Bright Skies, Big Eyes - Wilderness North

Celebrating 30 Years of Wilderness North  –          

Bright Skies, Big Eyes

Like most people, I grew up with the belief that walleye hated sun, and all but quit biting when it got bright and flat. This mantra was repeated so often it seemed to be gospel. Yet about a dozen years ago, I caught my first ten pound walleye on a flat, sunny afternoon.  It was so hot my bare feet were burning on the bottom of the boat. That same summer, I witnessed a school of walleye  swimming through shoreline reeds in less then 5 feet of water, at high noon. Some of the fish were enormous. During the last half a dozen years, I’ve been regularly finding  big walleye up shallow during sunny days.

It really shouldn’t be a surprise that walleye are active on sunny days. If you’ve spent much time sight fishing on shallow lakes, you’ve probably seen the amount of activity that occurs as the sun warms things up. When the sun is high, perch school up and feed; leeches and crayfish forage freely; and all manner of insect life starts to move around in the weeds and along the bottom. If the lake has shallow vegetation, so much the better. But I’ve also seen situations where big walleye are out cruising bare sand flats under very bright skies. My assumption is these fish are chasing the minnows, perch, and small whitefish that feed on pill clams and other invertebrates. Perhaps the nicest thing about sunny day walleye fishing  is just how active they usually are. Generally, if a sunny day walleye is shallow, it’s a  fish that can be caught.

Unfortunately, most died in the wool walleye anglers are not used to fishing  shallow walleye, especially with the sun blazing down. Most people simply spook these fish. For starters, the majority of sunny day walleye are fish you’ll have to cast to. And when I say cast, I mean long casts. Yes, there will be situations when you can pitch to shallow fish on a relatively short line, usually in weeds. Dark waters and wind action  will also make shallow fish less spooked by  a boat. However, on slightly stained and clear lakes, you will have to go into stealth mode to be consistently successful. The problem is compounded if there is no wind. Anchoring on a spot is one solution, especially if the fish are not moving far. You must be quiet however, and keep rattling and banging to a minimum.
Most of the time, I make long casts to prime areas. Long casts equal more hits.  High percentage sunny day spots include reefs, emerging weed beds, large sand bays, and reed lines. A light breeze blowing in on any type of  structure can also be very good indeed.  If it’s cold, however, you may be better off fishing out of the wind. The sun will heat up shallow, calm bays much more quickly then  windy ones.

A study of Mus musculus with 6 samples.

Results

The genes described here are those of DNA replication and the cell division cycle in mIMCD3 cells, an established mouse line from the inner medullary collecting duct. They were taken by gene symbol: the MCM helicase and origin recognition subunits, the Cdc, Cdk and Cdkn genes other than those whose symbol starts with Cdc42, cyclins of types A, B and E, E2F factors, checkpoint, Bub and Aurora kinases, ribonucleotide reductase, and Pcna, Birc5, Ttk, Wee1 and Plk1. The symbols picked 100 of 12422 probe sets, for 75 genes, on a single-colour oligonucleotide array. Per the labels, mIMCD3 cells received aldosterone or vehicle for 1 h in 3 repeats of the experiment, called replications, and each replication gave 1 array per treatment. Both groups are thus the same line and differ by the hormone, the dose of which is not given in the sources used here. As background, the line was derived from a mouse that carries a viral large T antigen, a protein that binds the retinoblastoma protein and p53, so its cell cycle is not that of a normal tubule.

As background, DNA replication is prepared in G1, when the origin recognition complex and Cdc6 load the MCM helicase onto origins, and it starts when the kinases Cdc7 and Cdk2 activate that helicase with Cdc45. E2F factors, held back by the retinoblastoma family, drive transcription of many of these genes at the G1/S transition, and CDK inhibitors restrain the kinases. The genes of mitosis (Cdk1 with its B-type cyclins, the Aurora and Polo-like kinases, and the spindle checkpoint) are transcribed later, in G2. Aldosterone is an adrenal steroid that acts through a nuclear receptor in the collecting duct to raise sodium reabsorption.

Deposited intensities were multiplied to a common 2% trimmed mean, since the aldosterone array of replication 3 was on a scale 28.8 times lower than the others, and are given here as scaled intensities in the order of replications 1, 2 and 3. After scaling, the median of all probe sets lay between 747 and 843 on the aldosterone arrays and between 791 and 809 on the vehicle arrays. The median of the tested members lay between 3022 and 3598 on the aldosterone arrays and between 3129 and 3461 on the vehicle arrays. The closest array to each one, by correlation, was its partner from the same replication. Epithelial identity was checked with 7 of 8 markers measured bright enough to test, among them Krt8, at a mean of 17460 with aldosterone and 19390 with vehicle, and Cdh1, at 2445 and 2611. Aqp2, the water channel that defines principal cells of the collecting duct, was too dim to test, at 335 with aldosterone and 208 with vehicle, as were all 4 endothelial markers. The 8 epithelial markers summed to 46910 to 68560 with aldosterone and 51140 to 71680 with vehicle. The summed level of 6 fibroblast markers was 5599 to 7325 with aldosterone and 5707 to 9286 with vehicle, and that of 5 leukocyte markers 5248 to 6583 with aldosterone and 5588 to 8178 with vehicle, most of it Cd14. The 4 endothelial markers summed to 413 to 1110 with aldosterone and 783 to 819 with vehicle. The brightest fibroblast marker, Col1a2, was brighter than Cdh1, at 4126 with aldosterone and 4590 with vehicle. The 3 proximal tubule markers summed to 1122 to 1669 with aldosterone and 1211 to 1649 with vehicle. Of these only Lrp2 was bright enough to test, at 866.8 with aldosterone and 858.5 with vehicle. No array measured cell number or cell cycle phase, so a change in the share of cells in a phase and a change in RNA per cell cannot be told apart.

Jigs are a great choice for this type of fishing. In some instances, a jig tipped with live bait is the go to technique. Many of the very largest sunny days walleye I’ve seen have fallen to jigs with artificial bodies. Just about any type of plastic body has potential in this situation including shads, lizards, grubs, and jerks. However, my dark horse lure for trophy sized  walleye is a basic 4 inch white or purple tube. The simplicity of the tube, and its fat profile, does something to large walleye that few other artificial baits do. Another go to lure for shallow water walleye is a jerk bait like the Rapala Husky Jerk or X Rap. These lures throw off a lot of vibration when snapped back in, and the strikes will be crushing. My favourite finishes on sunny days are silver and perch, although a bronze bodied crank will work, especially in darker water. Make sure you just use a steel clip when you attach your crank to the line. There is no need for a snap swivel, but a metal snap allows the bait to have great action.

On super clear lakes, the fish may be in deeper water that’s tight to drop offs. I’ve seen this pattern on lake trout lakes that have small populations of large walleye. The crystal clear water makes these fish ultra spooky, yet they can still be caught on sunny days. Look for fish to be cruising on the edge of large feeding flats, where the water breaks off into the deep. Sure, there will be days when the hot sun  is not your friend and the walleye are in serious hiding.  It happens. In exactly the same way some “classic” grey ,windy walleye days can fail to produce the golden harvest you might expect.  It always pays  to keep an open mind when you  hit the water looking for walleye, no matter what the conditions. This season, don’t let the heat of the afternoon sun scare you off the water. The walleye bite might just be getting good.

Gord Ellis

Get all the latest Wilderness news

By signing up for our Newsletter you agree to the Privacy Policy and Terms.

  • This field is for validation purposes and should be left unchanged.